February 10, 2011
Jenn Brookens — Staff Writer

SHERBURN - It's tough enough to fit in during high school without a bully making life miserable.

Unfortunately, bullying today goes beyond stealing lunch money. Given cell phones and Facebook, it's easier to be a bully, and to be much more vicious.

Nationwide, teen and young adult suicides have made headlines because of bullying. Those stories were shown during a student group's push for an anti-bullying pledge Wednesday at Martin County West.

Article Photos

NO?BULLYING?— Martin County West High School students Eric Reisdorfer, from left, Patience Poyzer, Allen Thompson and Cody Allen Leschefske collect names from fellow students as they sign the pledge to not bully their classmates Wednesday in Sherburn.

"While they're standing in line for lunch, they have a chance to see this Power Point," explained Beth Haskins, an instructor for the Safe Boundaries group at Martin County West. "Bullying is so prevalent, so we focused on the suicides as a result of bullying"

Safe Boundaries is in the pilot stage at Martin County West. Haskins, along with Billie Gatton, both of Community Options and Resources, oversee the initiative. The success seen with students in the pilot program may help get it implemented for the entire student body.

"The Safe Boundaries is human development and sexuality educational programs for individuals with developmental disabilities," Haskins explained. "Most of it deals with social behaviors and self-esteem. It was designed for people with developmental disabilities, to help them protect themselves from abuse, and have respect for themselves."

From the pilot program, students involved have already shown great progress.

"We're definitely seeing more self-confidence, more maturing," said Christine Hall, a staff member at Martin County West who works with students in the program.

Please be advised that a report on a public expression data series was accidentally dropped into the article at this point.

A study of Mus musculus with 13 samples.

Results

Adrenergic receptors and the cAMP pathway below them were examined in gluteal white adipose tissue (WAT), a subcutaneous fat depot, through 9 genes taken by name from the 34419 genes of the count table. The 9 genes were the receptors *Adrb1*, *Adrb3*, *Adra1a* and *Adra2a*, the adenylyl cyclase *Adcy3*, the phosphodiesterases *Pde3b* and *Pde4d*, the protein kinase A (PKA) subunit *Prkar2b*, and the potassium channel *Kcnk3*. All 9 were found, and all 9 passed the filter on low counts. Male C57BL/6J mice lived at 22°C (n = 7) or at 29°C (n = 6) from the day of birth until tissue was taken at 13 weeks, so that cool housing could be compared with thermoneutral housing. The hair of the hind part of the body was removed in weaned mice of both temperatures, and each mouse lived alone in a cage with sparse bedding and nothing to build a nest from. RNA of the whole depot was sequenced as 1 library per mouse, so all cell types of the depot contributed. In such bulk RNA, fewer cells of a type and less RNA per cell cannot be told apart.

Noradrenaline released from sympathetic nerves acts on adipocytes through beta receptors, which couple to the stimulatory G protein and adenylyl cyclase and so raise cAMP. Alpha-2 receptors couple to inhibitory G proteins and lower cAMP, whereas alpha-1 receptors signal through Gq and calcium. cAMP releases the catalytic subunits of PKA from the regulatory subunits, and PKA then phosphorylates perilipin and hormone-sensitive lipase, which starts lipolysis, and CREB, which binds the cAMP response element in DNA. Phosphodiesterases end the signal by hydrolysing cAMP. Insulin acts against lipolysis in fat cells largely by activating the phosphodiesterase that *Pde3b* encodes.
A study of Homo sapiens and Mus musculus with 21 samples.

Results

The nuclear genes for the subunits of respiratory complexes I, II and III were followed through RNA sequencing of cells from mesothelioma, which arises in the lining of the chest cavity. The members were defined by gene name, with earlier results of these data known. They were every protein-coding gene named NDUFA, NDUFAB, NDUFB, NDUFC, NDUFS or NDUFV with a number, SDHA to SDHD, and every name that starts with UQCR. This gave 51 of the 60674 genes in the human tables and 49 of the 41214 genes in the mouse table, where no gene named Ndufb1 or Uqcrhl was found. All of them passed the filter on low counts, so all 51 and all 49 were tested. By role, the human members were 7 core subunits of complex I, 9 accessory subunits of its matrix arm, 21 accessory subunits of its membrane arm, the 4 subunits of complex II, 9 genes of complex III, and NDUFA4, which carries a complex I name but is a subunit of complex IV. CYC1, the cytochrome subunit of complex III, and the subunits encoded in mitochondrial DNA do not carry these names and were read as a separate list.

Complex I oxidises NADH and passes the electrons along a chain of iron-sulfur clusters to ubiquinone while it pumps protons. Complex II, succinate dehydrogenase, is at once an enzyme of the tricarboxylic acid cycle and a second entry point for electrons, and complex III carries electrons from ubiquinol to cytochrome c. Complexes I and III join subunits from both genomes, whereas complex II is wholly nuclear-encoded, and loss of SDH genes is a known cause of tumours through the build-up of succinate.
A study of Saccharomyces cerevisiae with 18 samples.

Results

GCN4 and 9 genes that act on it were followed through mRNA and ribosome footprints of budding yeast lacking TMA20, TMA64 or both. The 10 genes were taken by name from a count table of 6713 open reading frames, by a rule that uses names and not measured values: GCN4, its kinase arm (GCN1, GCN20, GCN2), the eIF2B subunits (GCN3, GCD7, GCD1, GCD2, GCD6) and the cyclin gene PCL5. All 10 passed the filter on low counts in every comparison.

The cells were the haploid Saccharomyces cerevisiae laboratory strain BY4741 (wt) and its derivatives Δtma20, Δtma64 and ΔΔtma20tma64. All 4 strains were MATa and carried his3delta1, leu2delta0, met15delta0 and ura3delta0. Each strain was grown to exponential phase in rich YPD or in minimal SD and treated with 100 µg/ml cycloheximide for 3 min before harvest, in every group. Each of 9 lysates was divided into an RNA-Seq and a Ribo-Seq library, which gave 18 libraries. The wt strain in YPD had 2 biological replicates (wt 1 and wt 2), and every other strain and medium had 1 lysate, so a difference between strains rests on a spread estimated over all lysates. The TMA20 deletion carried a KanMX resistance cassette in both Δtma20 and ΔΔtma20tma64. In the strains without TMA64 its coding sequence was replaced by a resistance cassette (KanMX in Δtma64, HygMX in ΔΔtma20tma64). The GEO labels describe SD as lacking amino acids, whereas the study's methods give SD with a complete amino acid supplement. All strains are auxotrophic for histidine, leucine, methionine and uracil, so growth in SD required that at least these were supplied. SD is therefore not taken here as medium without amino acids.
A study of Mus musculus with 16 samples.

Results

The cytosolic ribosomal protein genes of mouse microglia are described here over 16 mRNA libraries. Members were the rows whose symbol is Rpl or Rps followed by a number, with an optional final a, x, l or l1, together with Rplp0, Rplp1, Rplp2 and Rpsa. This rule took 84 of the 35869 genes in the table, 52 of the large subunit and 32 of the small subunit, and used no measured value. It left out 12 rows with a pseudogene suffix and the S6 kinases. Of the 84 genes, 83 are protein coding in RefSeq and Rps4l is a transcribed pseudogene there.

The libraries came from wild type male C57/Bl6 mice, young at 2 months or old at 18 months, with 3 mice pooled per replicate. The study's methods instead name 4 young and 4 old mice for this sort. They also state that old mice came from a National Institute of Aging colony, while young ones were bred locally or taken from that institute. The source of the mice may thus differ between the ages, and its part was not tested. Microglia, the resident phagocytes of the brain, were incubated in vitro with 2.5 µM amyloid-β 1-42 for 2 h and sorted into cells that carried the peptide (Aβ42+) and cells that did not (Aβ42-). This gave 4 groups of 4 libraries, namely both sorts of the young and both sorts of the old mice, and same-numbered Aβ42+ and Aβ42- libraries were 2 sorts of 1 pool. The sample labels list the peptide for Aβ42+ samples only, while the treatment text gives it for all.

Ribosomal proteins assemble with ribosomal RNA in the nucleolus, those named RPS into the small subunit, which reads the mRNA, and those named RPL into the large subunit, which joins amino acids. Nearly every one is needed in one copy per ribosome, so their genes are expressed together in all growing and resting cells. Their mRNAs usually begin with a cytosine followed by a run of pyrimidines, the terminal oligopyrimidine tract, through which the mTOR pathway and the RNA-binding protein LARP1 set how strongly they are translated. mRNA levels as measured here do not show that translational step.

"I've become stronger, I try to help people who are bullied, and I have helped two people," said Brittany DeVary, a senior at Martin County West. "They went and told somebody about it."

DeVary added she never would have had the courage to step in before the Safe Boundaries class.

During lunch hours Wednesday, the group had an anti-bullying pledge posted for students and staff to sign.

"This is something we want to see, the adults role-modeling the behavior for students," Haskins said.

The program has been used for years in Community Options and Resources. Haskins and Gatton approached the school to try "Safe Boundaries"

"I felt there was a need for the students who are now participating," said Kia Ringnell, a Martin County West staff member who helped approve the program. "We need the awareness that this happens, even in our school. This is good to have this one step forward in stopping bullying."

Meanwhile students not only learn the right ways to deal with bullying - ignoring the bullies, telling them to stop, telling an authority and standing up for others who are bullied - they are also learning qualities like self-respect, confidence and kindness.

"I'm nervous, but happy," said freshman J.D. Harberts about presenting the pledge to his peers.

But he also thought it might be easier next time, since he "will have done it before."

"It's a really good program," added junior Eric Reisdorfer. "I recommend it to kids who want to feel better about themselves."